Benefits of oil rally elude Nigeria as NNPC losses mount

by | February 1, 2018 2:00 am

The inability of the Nigerian National Petroleum Corporation (NNPC) to operate as a fully integrated oil company is taking a toll on its revenue as it recorded mounting losses largely from its downstream operations at a time oil prices have risen to a three-year high.
Finance Minister, Kemi Adeosun said on Wednesday that the NNPC is presently under recovering costs as it is the sole importer of Petroleum products into Nigeria, which it sells below the cost price.
Adeosun explained that the Corporation loses huge amount of money to defray the extra cost of importing the product and that the effect of this is the current downward trend in accruals into the Federation account which is being borne by all tiers of government and by extension ordinary Nigerians.
“On the question of subsidy, the price of oil for Nigeria today is a double edge sword. So every dollar that goes up we get more revenue but also because we are importing refined petroleum it increases the landing cost of fuel,” Adeosun said.
“So for every time we get excited that the oil price is going up, there is also a knock on effect on the price of imported PMS and that is a function of us not having refining capacity, it is one of the unfortunate impact of that.”
Oil prices rallied to a two-year high in 2017. Brent for April settlement slipped 32 cents to $68.20 on the London-based ICE Futures Europe exchange. The global benchmark crude traded at a premium of $4.58 to WTI.
Modest gains of N194.7 million made NNPCs upstream and gas processing subsidiaries such as the Nigerian Petroleum Development Company (NPDC) and Nigerian Gas Processing and Transportation Company Limited, were wiped off largely by its downstream subsidiary operations which recorded deficits north of N346million according to figures from the organisation’s operations and financial report for November.
This compares poorly with Norway’s Statoil, which recorded better performance due to the recent oil rally.
“With an oil price below 52 dollars per barrel, we have generated 3.6 billion dollars in free cash flow so far this year, based on good contributions from all business segments. This has further strengthened our financial position,” says Eldar Sætre, Statoil’s CEO in a statement posted on the company’s website announcing the release of its 2017 third quarter & first nine months results.
Sætre said the company realised efficiency improvements reducing its organic capital expenditure in 2017 by 1 billion dollars, to around 10 billion dollars.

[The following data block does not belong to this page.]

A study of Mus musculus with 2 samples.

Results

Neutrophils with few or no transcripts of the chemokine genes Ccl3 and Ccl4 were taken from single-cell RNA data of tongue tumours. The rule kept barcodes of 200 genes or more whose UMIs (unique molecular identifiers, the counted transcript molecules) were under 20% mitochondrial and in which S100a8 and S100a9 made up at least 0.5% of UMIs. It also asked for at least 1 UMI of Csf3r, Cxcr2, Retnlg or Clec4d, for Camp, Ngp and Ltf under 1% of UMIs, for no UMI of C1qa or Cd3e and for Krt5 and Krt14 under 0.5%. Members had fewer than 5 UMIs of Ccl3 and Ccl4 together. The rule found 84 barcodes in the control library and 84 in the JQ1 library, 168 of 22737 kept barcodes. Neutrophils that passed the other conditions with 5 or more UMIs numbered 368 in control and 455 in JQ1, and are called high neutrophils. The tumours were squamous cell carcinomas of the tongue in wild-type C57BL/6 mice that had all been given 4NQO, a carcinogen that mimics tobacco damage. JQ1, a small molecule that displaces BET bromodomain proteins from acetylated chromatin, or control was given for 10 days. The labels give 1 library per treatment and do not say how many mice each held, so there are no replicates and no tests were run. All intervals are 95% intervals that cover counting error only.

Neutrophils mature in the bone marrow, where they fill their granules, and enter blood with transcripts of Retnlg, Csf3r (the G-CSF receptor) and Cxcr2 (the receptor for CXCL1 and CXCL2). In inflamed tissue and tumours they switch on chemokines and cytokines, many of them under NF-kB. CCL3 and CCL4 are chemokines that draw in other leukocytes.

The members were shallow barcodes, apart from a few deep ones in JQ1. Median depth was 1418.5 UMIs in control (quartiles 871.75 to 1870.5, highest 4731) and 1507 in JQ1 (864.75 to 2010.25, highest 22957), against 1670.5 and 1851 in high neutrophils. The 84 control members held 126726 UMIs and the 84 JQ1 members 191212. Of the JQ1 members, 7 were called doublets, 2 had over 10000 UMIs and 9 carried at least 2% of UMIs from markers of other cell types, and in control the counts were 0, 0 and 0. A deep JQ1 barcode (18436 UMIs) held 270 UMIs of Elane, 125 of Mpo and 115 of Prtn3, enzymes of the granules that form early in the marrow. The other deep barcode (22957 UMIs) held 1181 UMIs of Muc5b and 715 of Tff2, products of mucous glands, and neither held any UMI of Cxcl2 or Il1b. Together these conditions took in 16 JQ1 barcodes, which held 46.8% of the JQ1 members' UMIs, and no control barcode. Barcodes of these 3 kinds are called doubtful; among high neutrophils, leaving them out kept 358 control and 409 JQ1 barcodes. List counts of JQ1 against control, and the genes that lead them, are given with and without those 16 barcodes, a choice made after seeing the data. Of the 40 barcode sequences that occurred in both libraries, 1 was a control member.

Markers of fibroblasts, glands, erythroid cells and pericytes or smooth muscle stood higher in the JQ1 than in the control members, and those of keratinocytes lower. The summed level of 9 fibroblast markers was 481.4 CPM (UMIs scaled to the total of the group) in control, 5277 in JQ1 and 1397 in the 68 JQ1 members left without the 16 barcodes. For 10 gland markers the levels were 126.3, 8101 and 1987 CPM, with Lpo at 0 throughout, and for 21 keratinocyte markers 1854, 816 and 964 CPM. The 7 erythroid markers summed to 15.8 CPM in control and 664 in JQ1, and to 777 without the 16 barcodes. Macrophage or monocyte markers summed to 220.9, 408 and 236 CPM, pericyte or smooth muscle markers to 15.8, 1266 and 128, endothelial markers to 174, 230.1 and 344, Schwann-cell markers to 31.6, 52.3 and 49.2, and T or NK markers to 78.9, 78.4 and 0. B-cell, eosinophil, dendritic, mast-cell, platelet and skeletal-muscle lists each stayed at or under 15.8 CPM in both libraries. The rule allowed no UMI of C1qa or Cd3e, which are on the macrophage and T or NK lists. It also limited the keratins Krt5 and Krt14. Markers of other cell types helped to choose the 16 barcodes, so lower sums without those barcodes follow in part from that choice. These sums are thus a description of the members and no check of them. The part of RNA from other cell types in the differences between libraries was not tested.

Integrated oil companies net off losses incurred when crude prices dip with better refining margins and conversely during an oil rally.
But this gain eludes the NNPC which has recorded deficit for the fifth successive month due to poor refining operation and subsidy on local consumption of petrol.
The combined value of output by the three refineries (at import parity price) for the month of November 2017 amounted to N13.08 billion while the associated Crude plus freight costs and operational expenses were N15.21billion and N9.02billion respectively; resulting to an operating deficit of N11.15billion.
Speaking on the budget benchmark and excess crude account (ECA), the Finance minister said, “Let me explain how the price is structured. The budget is a function of price and quantity. Excess crude kicks in when both price and quantity is exceeded. Now if you look at the oil price for last year and most of this year and quantity, the quantity has frequently been below the target and so you don’t necessarily get the straight credit into exceed crude as a result of oil price.
“Having said that, with the oil price consistently higher now we should begin to start seeing some accruals into our excess crude going forward because we are starting to see some recovery in quantity. But remember that the quantity estimate is 2.5 million barrels per day and it must be consistent every day and the price above the benchmark before you get automatic credit into excess crude.
“Having said that what we do expect this year will begin to accumulate funds into the excess crude.”
NNPC’s group operating revenue for November 2017, dropped by 23.52 per cent to N270.8 billion, from N354.08 billion recorded in October. The NNPC attributed this to increased cost in upstream activities as well as the reduced revenue in the downstream value chain occasioned by high crude oil inventory in refineries due to unplanned operational shutdown of its three refineries.
Yesterday, the Port Harcourt Refinery the most viable of the three refineries, which recorded surplus of N25.6million in November, was shut down because of a damaged rotor which has affected it operations, shutting in three to five million litres of refined petrol capacity per day.
Also, during the period under review, the three refineries (Warri/Kaduna and PH) combined capacity utilization was barely 5.92 percent.
“There are people working in these refineries that are being paid and promoted for not doing anything but yet receive hefty salaries, so the refineries are loss centres and not profit oriented compared to other oil producing countries which is a shame, but we hope the Petroleum Industry Governance Bill (PIGB) will help address all of these lapses,” Adenikiju said.
NNPCs situation is worsened by crude oil theft and over 1,005 vandalized points recorded between November 2016 and November 2017.
BusinessDay gathered that the shutdown of the Port Harcourt Refinery is worse than the NNPC is making Nigerians believe as the rotor of the plant has been badly damaged and efforts to source the part locally is yet to yield result. The problem was attributed to the lack of prompt attention to the incident by the NNPC headquarters in terms of releasing funds to procure the necessary equipment.